Clinical review: Parathyroid localization and implications for clinical management.




The prevalence of hyperparathyroidism, especially primary hyperparathyroidism, has increased in recent decades due to improvements in diagnostic techniques with a corresponding surge in parathyroid surgery, leading to the development of focused, minimally invasive surgical approaches. Focused parathyroidectomy is predicated on preoperative localization of suspected parathyroid pathology. As a result, there has been a proliferation of parathyroid imaging modalities and protocols, resulting in confusion about their indications and applications.


Bibliographies from clinical trials and review articles published since 2000 were reviewed and supplemented with targeted searches using biomedical databases. We also employed our extensive clinical experience.


The best-studied modalities for parathyroid localization are nuclear scintigraphy and sonography and are widely applied as initial studies. Multiple variations exist, and several additional noninvasive imaging techniques, such as computed tomography and magnetic resonance, are described. The exquisite anatomical detail of 4-dimensional computed tomography must be balanced with significant radiation exposure to the thyroid gland. Invasive venous PTH sampling and parathyroid arteriography have important roles in remedial cases. Due to considerable heterogeneity in imaging, multidisciplinary collaboration between endocrinologists, surgeons, and radiologists is beneficial.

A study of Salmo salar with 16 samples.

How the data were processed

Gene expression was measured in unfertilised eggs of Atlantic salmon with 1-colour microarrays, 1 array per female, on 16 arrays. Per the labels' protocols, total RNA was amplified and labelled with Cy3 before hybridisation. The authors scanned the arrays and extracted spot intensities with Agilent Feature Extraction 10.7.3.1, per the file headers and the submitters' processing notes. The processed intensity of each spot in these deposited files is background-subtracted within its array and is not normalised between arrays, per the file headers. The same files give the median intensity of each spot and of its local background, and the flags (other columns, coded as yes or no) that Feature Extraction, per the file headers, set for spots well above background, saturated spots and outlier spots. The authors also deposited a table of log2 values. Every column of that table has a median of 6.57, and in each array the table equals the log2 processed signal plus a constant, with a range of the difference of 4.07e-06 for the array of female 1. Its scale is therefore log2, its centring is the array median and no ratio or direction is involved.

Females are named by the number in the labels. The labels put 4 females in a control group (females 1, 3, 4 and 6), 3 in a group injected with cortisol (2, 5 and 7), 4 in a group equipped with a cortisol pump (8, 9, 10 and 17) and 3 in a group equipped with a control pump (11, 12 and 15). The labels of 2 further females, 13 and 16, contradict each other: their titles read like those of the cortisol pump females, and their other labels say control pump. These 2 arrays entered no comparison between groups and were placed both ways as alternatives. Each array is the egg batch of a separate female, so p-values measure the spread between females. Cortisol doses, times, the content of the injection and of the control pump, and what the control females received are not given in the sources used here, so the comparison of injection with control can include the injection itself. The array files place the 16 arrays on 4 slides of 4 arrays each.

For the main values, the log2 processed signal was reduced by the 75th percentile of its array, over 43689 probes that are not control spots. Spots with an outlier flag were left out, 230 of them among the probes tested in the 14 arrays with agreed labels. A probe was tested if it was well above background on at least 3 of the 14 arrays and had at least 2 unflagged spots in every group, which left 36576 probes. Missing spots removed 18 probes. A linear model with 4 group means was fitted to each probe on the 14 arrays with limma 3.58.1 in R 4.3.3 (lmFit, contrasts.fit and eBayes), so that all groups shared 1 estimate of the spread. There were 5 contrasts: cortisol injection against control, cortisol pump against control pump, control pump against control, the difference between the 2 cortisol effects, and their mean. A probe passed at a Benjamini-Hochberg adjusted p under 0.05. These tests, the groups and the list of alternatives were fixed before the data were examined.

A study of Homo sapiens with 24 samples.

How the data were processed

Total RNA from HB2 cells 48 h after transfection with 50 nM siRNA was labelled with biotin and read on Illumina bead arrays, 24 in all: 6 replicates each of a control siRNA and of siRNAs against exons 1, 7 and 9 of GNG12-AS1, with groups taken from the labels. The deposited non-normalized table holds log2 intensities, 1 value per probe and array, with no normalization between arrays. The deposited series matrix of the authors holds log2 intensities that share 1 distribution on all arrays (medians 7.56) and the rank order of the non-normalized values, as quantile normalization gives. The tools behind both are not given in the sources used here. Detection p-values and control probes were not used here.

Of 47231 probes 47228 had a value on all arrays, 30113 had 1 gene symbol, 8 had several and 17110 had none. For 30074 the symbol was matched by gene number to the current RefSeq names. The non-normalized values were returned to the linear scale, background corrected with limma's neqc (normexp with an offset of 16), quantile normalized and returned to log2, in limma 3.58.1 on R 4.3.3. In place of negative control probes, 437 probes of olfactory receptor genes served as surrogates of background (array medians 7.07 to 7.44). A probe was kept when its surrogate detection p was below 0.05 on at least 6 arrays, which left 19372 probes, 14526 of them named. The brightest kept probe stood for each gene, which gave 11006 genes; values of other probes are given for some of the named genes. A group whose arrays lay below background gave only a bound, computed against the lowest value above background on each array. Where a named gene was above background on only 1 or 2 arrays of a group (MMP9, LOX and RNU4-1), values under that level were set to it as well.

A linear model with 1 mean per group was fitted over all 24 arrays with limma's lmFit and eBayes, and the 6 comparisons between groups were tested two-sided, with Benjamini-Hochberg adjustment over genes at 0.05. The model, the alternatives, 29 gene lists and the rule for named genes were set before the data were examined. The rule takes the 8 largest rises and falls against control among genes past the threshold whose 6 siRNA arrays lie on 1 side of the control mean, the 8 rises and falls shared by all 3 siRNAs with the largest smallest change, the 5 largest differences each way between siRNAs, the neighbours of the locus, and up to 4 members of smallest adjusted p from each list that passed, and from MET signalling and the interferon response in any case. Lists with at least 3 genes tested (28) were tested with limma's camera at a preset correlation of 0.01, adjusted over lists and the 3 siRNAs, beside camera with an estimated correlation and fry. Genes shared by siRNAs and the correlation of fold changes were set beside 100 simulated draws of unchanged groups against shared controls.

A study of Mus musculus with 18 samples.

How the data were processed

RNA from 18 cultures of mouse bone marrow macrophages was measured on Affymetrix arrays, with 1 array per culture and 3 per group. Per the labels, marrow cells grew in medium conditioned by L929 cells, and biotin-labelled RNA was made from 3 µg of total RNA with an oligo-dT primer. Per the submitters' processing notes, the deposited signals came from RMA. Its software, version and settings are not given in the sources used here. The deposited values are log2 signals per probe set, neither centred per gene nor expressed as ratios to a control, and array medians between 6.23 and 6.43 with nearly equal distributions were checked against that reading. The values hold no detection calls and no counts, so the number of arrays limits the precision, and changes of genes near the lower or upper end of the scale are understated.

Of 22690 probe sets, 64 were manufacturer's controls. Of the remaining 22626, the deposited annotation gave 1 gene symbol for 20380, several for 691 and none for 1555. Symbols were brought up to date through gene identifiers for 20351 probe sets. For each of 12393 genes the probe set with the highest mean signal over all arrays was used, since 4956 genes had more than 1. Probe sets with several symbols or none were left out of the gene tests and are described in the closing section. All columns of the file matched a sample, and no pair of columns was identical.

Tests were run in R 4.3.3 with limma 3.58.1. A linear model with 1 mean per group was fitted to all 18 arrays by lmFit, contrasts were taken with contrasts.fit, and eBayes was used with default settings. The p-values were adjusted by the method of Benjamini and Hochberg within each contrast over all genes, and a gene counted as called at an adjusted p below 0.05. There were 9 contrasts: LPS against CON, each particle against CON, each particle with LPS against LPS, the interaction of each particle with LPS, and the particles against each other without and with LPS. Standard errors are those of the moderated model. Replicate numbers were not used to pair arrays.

Parathyroid localization is indicated in surgical candidates. Crucial considerations when selecting an imaging study include availability, cost, radiation exposure, local expertise, and accuracy. Additional factors include the patient's anticipated pathology and whether it is de novo or refractory disease. An approach to imaging for patients with primary hyperparathyroidism is presented.